The liver is an amazing organ. But if you’re like most folks, you never give this workhorse much thought. Well, unless something goes wrong with it of course.
But we all should pay more attention to our livers.
Your liver is the largest organ in your body. And it performs a number of critical functions that you need to survive.
For example, it
- helps digest your food
- stores energy
- cleanses your body of dangerous toxins
Plus this hardworking organ performs hundreds of different metabolic functions in your body. And that includes forming cholesterol and other substances used to create and repair cells.
These days we’re giving our poor overworked livers more of a workout than ever before. Processed foods, environmental toxins, and stress all can take their toll on your liver’s health.
Simple ways to support liver health
Following are four easy ways you can help protect your liver health and give it the support it needs to thrive…
1. Drink coffee:
We’re big fans of coffee around here. (And when I say we I mean me, of course.) If you’re not caffeine sensitive coffee’s not just a great pick-me-up, it can also be a terrific way to help protect your liver.
Coffee is full of healthy antioxidants and may help reduce liver inflammation as it naturally detoxifies your liver. In fact, research has found a link between drinking java and a lower incidence of liver disease.
Sip on three cups a day to slash your risk of abnormal liver enzymes by a healthy 25 percent. And those same three cups could be protecting you from liver cancer at the same time, according to a study published in the journal Cancer Epidemiology Biomarkers and Prevention.
And if you’re caffeine sensitive, I’ve got great news. Feel free to drink decaf as experts say you’ll still reap the liver benefits of the coffee. Just be sure to skip the inflammation-promoting sugars and syrups. Drink it black or with a splash of fresh cream instead.
2. Take milk thistle:
The active ingredient in the herb milk thistle is a potent antioxidant by the name of silymarin. Silymarin is a natural anti-inflammatory that research has shown can help protect the liver by supporting healthy liver function and metabolism.
Milk thistle helps suppress the release of the cytokines that start ramping up with fatty liver inflammation. This shields your liver giving it the time to generate new healthy liver cells and begin to heal.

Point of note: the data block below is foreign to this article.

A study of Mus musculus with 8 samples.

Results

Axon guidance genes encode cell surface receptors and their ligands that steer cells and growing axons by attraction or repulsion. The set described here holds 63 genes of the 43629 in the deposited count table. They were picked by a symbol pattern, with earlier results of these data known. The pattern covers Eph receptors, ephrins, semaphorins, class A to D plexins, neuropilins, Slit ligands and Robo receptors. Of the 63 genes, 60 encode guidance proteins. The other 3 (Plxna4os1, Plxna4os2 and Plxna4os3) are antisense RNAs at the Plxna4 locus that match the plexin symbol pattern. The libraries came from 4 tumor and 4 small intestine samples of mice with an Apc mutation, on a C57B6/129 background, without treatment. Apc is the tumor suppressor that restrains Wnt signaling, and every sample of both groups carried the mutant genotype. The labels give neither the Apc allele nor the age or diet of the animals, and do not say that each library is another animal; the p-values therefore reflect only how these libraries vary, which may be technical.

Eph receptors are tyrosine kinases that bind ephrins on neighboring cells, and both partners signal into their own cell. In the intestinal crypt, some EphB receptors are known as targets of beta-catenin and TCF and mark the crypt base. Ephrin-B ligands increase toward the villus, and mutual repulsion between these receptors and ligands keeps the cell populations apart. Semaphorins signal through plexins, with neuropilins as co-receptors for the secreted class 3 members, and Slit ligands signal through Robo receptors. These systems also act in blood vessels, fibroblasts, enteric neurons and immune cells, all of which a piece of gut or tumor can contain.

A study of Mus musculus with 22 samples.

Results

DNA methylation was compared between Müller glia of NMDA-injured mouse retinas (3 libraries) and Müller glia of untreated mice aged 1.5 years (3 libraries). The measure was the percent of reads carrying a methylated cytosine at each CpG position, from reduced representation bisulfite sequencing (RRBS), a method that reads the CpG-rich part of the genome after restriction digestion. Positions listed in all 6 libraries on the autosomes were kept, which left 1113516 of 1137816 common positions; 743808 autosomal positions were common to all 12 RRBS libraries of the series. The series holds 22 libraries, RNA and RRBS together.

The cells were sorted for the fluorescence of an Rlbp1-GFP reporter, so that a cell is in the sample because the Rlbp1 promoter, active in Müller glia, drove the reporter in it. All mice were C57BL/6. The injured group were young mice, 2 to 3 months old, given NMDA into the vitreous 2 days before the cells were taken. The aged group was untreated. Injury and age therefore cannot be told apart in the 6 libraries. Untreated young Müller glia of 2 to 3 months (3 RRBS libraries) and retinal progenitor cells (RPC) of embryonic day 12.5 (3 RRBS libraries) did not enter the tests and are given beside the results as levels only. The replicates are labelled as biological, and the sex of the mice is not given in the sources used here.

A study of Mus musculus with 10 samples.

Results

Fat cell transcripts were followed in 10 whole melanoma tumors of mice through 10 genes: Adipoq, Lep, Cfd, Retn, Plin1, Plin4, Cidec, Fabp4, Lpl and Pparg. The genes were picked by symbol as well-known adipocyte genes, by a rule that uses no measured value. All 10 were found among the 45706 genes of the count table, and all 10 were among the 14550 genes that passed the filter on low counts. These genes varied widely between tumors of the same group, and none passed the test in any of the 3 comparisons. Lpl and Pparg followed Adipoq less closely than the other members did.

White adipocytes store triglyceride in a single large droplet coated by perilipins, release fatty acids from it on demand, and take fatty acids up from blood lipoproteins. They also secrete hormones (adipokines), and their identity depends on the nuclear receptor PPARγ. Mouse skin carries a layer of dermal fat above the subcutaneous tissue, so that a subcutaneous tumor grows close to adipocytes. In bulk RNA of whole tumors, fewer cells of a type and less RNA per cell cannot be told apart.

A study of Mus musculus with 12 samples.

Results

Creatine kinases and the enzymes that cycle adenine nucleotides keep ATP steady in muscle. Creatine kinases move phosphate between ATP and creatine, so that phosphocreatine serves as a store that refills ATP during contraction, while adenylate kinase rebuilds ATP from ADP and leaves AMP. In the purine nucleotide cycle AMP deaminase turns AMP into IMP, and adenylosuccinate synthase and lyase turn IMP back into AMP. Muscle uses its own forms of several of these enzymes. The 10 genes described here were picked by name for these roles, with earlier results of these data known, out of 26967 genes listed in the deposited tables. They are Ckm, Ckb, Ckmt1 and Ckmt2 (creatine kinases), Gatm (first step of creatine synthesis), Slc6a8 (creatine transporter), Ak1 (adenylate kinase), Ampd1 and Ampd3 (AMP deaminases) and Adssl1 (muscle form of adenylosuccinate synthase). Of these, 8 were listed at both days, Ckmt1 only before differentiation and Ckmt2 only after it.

3. Pop a probiotic:
By now, everyone knows that probiotics can help improve your digestion. But what you may not realize is they can help your liver too.
First, by supporting healthy digestion probiotics help your body rid itself of troublesome toxins before they overwhelm your liver. And second, those same probiotics help shore up your intestinal wall keeping bad bacteria from bombarding your liver.
But the liver support doesn’t end there. Research also shows that probiotics could help turn the tide on early signs on nonalcoholic fatty liver disease.
4. Try turmeric:
You’re probably most familiar with turmeric as the spice that gives some Indian dishes their gorgeous golden-yellow glow. But it turns out turmeric isn’t just another pretty face. This powerful herb is also a potent antioxidant and anti-inflammatory. And it could be your liver’s best friend.
According to researchers, curcumin—the active ingredient in turmeric—was able to help repair and even regenerate the damaged livers of diabetic rats. And in another animal study, published in the journal Gut, researchers found that curcumin delayed the kind of liver damage that eventually leads to cirrhosis of the liver.
Without a healthy and fully functioning liver, your body can’t effectively rid itself of toxins. Everything you take in makes a pass through your hardworking liver. So go ahead and give this lifesaving organ the support it needs. It will return the favor by ridding your body of sickening toxins to keep you healthy.
She is an advocate of self-education and is passionate about the power of group knowledge sharing, like the kind found right here on HealthierTalk.com. Alice loves to share her views on holistic and natural healing as well as her, sometimes contentious, thoughts on the profit-driven inner workings of traditional medicine.